Thursday, December 11, 2014


Last Monday evening, I did something truly radical. No, it didn’t involve smashing windows, setting fires, or yelling obscenities at the police.
I went to church, a Catholic one, for the Holy Day of Obligation. It was for the solemnity of the Immaculate Conception, for Mother Mary.
I didn’t have to go. There were a million reasons not to go.
First, I was tired and worn out after a long day. Plus, I’m not a Catholic, although I do love Catholic Masses, so my presence wasn’t required. And, finally, the church is a campus ministry and close to UC Berkeley and the scene of riots. But off I went anyway.
There were a good number of people there for the evening Mass, including many university students who regularly attend the large and spirit-filled church. And in time, even more people streamed in after work or classes. Many of the parishioners looked as sleepy as me, and there were a number of yawns during the service. And yet, we all showed up.
The Mass wasn’t particularly moving. The homily was a bit stiff. And yet something stirred deep inside of me during the service.
It was something about all of these people coming out on a chilly Monday evening, in the midst of riots and unrest, to be together. Here we were all gathered together, just a few miles from all hell breaking loose; and we were doing so for Mother Mary, for our God, for each other. . . and also because of an obligation to do so.
You see, Catholics have obligatory Masses they must attend, including feast days and Sundays. Several years ago, when I first heard that Catholics had Holy Days of Obligation, I was frankly appalled. “Obligation,” I thought. “I don’t think so,” which is partly what sent me running for cover to the more laid-back Protestants. Truth be told, I have never liked feeling obligated to do anything. 
And yet over time, as I’ve attended more Masses, I have seen the absolute beauty of this type of obligation, the holiness involved in simply showing up when we are tired, when there are many other things we’d rather do. It makes me realize that we are all together in this experience called “life,” we are all part of this Mystical Body. And when one person is missing, the Body isn’t complete.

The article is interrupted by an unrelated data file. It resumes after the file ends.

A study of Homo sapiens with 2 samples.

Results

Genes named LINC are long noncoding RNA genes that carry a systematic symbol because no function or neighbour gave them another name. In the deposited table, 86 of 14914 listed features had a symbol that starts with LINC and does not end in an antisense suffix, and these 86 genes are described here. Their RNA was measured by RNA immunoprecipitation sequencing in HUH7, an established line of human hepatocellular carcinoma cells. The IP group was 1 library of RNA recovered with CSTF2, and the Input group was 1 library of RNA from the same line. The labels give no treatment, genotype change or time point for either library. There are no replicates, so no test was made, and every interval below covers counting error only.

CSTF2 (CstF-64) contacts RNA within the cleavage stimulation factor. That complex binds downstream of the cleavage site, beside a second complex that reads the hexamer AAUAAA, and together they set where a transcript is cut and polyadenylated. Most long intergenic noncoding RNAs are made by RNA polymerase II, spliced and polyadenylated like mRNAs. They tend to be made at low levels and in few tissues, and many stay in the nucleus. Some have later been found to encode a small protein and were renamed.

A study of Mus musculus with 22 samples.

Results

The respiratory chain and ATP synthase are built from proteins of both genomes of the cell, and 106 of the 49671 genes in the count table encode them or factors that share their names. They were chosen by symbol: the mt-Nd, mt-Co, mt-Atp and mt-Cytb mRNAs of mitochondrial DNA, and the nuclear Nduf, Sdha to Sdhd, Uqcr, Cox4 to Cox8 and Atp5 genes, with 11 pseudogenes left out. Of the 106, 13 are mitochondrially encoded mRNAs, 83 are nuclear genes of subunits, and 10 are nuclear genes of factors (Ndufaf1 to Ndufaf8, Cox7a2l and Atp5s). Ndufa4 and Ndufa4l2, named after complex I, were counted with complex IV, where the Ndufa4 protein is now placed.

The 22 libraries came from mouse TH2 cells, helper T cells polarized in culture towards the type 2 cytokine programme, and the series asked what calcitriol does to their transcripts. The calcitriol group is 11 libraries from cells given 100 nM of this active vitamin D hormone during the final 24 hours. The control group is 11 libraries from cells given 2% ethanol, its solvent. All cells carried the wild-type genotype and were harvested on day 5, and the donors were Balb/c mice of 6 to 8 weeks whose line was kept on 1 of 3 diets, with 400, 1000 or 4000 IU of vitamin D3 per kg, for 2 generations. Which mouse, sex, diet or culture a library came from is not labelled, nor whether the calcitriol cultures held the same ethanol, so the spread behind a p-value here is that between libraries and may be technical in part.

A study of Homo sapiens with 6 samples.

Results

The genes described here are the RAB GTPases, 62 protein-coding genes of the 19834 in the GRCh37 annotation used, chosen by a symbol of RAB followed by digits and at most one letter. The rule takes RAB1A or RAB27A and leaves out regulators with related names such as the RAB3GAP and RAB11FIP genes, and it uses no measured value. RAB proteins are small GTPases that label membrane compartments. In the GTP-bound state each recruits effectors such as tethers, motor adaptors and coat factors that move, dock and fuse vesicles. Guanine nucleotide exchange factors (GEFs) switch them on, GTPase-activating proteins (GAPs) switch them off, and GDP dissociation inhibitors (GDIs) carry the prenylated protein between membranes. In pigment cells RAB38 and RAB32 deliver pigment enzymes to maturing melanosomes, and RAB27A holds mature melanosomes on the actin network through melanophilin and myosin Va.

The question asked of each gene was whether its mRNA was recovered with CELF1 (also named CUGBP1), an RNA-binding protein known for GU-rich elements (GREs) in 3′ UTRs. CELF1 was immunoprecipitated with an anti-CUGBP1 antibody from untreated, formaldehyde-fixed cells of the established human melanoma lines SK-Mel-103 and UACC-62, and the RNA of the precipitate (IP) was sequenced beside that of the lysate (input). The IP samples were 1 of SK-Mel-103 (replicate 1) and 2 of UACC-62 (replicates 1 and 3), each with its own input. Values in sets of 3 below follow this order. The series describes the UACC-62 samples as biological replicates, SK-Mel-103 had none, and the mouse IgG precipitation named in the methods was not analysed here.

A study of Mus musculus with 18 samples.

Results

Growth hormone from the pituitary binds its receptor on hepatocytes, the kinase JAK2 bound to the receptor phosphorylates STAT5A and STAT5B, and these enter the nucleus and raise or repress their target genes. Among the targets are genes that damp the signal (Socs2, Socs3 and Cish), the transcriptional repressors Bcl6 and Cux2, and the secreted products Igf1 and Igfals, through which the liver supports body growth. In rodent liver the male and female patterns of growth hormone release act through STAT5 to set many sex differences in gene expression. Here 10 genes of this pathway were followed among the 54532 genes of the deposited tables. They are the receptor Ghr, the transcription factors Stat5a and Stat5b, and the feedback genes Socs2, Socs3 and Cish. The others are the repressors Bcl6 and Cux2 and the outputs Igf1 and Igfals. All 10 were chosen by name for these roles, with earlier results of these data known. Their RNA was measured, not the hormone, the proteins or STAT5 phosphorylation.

It’s like being part of a family, something else that I have struggled with. I’m not proud to admit this, but I’ve avoided more family gatherings over the years than I have attended.
But what I learned from going to that obligatory Mass on Monday is that we are all part of a family, even if we are strangers to each other. And families stick together, during hard times and good. We support each other; we tolerate each other’s flaws and idiocyncracies. And we show up, even when we don’t want to.
And then it hit me that Catholics all over the world were attending church on that very same day and doing the same thing; and that some were putting themselves at even greater risk than us in Berkeley. 
It all leaves me breathless thinking about what we are involved in, what we are a part of; something so big and powerful, that no one can truly understand it. We are the true radicals, not the anarchists looting stores and occupying buildings.
What we did, what we do every Sunday, is perhaps the most daring action of all: showing up, for each other, for God. And somehow doing this in a Berkeley church, just miles away from the mayhem, brought this all home to me.
And if people from Berkeley to Missouri to Timbuktu took the same radical step, we could finally end the madness and mayhem. Because only through God, loving God, and serving Him will there ever be any possibility of peace and unity on earth.